Study explains the rapid adaptation of plants to changing environmental conditions

For a long time, researchers and gardeners have known that plants grow taller and flower sooner when they are surrounded by other close-growing flora. Now, scientists from the Salk Institute have revealed the complete inner functions of this process, for the first time.

Study explains the rapid adaptation of plants to changing environmental conditions
Nuclei of plant cells are seen before and after the plant was exposed to shade. In the top images (before), the transcription factor PIF7 (red) is confined in speckles that contain the plant’s light sensors (green). In the lower images (after), in the shaded plant, PIF7 is released, which is then free to bind to DNA and initiate gene activity. Image Credit: Chan Yul Yoo, Meng Chen lab, UC Riverside.

Published in the Nature Genetics journal on June 17th, 2021, the study provides a better understanding of how gene activity governs the growth of plants and also shows how plants react quickly to their environment, with changing light conditions that activate molecular changes in just five minutes.

These results shed new light on how to boost yield and protect the global world food production as climate change reduces the arable land of the planet.

This paper shows, in high resolution, how plants respond to subtle environmental changes on the cellular level. Work that reveals how plants can adapt to greater environmental stresses will be critical as the effects of climate change intensify.”

Joanne Chory, Study Co-Corresponding Author and Director, Plant Molecular and Cellular Biology Laboratory, Salk Institute

Chory is also an investigator from the Howard Hughes Medical Institute and holds the Howard H. and Maryam R. Newman Chair in Plant Biology.

Plants grow faster and taller in the shade in an attempt to break through the canopy and absorb more light. But at the same time, the shaded growing conditions cause these plants to produce seeds or flowers earlier than normal to outpace other plants.

Such responses may benefit wildflowers that grow in a meadow, but on farms, the same kinds of responses can result in decreased production and lead to low-quality and bitter crops—a fact that can be vouched by any gardener whose lettuce has bolted.

In the latest study, the researchers focused on the role of specific transcription factors in triggering the growth response. Transcription factors are essentially proteins that switch the genes on or off by attaching to DNA.

Mutant seedlings that lack transcription factors, known as Phytochrome-Interacting Factors (PIFs) were used for the research work. When these plants were allowed to grow in a shade-stimulating environment, plants lacking certain PIFs did not speed up or elongate their growth but rather continued to grow usually as if they were in full sunlight.  The Chory laboratory has already demonstrated the crucial role played by PIF7 in the regulation of shade-induced growth.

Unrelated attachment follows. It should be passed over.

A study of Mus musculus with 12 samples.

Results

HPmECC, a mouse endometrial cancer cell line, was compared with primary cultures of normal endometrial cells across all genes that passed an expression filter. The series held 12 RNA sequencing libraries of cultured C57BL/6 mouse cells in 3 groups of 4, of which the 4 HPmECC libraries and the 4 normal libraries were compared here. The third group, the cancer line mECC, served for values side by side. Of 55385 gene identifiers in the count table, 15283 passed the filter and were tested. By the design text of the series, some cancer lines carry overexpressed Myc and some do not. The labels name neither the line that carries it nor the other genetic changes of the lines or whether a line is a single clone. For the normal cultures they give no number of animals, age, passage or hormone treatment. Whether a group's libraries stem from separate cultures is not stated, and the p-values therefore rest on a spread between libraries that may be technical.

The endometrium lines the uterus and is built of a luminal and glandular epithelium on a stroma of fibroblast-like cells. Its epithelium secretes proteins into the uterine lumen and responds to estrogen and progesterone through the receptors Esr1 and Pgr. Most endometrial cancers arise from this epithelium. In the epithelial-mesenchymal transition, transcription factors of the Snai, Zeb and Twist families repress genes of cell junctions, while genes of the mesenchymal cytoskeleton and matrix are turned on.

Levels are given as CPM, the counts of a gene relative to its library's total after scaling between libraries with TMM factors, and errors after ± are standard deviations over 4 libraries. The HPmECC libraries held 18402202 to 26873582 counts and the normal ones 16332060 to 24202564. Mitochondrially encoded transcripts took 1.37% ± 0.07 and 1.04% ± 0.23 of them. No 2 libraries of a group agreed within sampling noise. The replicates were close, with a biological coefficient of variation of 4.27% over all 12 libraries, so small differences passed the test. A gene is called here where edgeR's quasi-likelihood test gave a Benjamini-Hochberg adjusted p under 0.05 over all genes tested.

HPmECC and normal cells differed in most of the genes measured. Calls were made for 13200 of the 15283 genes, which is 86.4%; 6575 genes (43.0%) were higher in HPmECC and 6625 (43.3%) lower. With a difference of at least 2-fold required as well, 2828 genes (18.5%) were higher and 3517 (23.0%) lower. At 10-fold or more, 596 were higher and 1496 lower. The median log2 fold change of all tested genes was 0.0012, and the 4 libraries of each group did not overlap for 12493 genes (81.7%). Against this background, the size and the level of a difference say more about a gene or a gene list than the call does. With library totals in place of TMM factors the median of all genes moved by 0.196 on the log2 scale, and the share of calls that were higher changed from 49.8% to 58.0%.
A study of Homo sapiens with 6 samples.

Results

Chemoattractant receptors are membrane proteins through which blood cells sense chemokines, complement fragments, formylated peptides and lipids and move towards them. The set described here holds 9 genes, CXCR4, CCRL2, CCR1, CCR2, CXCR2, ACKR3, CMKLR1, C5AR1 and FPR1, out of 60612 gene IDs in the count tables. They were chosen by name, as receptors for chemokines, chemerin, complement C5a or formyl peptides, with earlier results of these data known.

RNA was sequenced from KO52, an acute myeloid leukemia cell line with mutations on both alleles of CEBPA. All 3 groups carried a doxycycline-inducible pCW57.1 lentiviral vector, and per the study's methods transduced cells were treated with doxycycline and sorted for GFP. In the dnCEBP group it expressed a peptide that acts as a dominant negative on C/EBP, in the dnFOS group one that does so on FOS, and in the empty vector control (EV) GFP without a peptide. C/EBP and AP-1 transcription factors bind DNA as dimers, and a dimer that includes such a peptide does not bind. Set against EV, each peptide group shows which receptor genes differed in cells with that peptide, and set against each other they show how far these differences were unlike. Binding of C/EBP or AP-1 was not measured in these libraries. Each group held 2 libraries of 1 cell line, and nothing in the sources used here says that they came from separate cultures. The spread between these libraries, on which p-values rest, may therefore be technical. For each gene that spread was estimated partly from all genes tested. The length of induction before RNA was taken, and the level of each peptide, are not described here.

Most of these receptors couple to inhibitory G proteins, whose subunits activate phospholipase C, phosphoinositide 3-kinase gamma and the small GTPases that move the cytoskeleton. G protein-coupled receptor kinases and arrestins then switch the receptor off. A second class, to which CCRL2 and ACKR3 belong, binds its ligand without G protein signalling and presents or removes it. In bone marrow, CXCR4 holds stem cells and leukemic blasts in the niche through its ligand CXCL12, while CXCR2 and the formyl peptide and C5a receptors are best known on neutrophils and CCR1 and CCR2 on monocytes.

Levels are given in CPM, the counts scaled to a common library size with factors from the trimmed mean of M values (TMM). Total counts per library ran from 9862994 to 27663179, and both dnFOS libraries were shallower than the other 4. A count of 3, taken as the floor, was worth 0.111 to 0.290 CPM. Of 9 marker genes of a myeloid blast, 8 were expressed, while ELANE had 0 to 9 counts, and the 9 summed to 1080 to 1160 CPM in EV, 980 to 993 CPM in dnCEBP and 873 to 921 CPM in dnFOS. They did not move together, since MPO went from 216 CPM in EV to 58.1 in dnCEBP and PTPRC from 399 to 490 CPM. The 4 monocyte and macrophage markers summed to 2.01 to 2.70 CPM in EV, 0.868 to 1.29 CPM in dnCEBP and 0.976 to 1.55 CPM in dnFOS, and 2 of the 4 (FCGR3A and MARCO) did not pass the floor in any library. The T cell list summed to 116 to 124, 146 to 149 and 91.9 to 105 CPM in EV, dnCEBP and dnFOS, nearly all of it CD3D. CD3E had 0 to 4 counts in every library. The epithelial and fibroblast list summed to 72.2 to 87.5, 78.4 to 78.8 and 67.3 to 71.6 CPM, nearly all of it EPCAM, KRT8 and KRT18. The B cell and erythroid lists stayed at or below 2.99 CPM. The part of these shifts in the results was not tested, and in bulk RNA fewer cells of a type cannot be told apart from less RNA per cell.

Subsequently, the team closely analyzed the role of histones in the process, particularly the histone variant H2A.Z. Histones are essentially proteins that serve like spools for DNA strands. Histones, when modified or exchanged, work to suppress o activate specific genes.

The researchers discovered that canopy shade triggered the removal of the histone H2A.Z at growth-regulating genes via the DNA binding of PIF7, which consequently triggered their expression.

By applying very short intervals to the experiments, the team observed that PIF7 gets activated, attaches its target genes, and riggers the removal of H2A.Z all in less than the first five minutes of the plant experiencing canopy shade.

Our study describes another step towards a mechanistic understanding of how plants alter their gene expression in response to a changing environment.

Joseph Ecker, Study Co-Corresponding Author and Professor, Genomic Analysis Laboratory, Salk Institute

Joseph Ecker is also an investigator from the Howard Hughes Medical Institute.

Previous analyses had identified the crucial roles of PIFs and H2A.Z in the responses of plants subjected to higher temperatures. Björn Willige, the study co-author and a research specialist in the Chory lab at the Howard Hughes Medical Institute noted that the timing of events was unknown.

Our study reveals the mechanism in close detail and also shows the rapid nature of the response. We found that when PIF7 is active, it binds to DNA. And our data indicate that this leads to the removal of H2A.Z from the DNA. Subsequently, genes are activated, and then this induces growth, to outcompete the neighboring plants.”

Björn Willige, Study Co-Author, Research Specialist, Howard Hughes Medical Institute

According to Mark Zander, the study co-author and an assistant professor from the Waksman Institute of Microbiology at Rutgers University, the pace of the process was rather unexpected. He observed that apart from activating the response in less than five minutes, the histone landscape also recovered rapidly once the shade was removed.

When we removed shade, the levels of H2A.Z at PIF7 target genes went back to normal within 30 minutes. I was surprised by how dynamic the process is, which is the foundation for the elegance of our study,” added Zander.

PIFs play a major role in the development, growth, and pest defense of plants. The researchers are therefore hoping that their results can be translated to other similar plant responses that are significant for farmers, particularly with respect to aiding plants to be more resistant to climate change.

The Harnessing Plants Initiative of the Salk Institute is seeking to help solve climate change by improving the natural ability of plants to capture and preserve carbon.

Source:
Journal reference:

Willige, B. C., et al. (2021) PHYTOCHROME-INTERACTING FACTORs trigger environmentally responsive chromatin dynamics in plants. Nature Genetics. doi.org/10.1038/s41588-021-00882-3.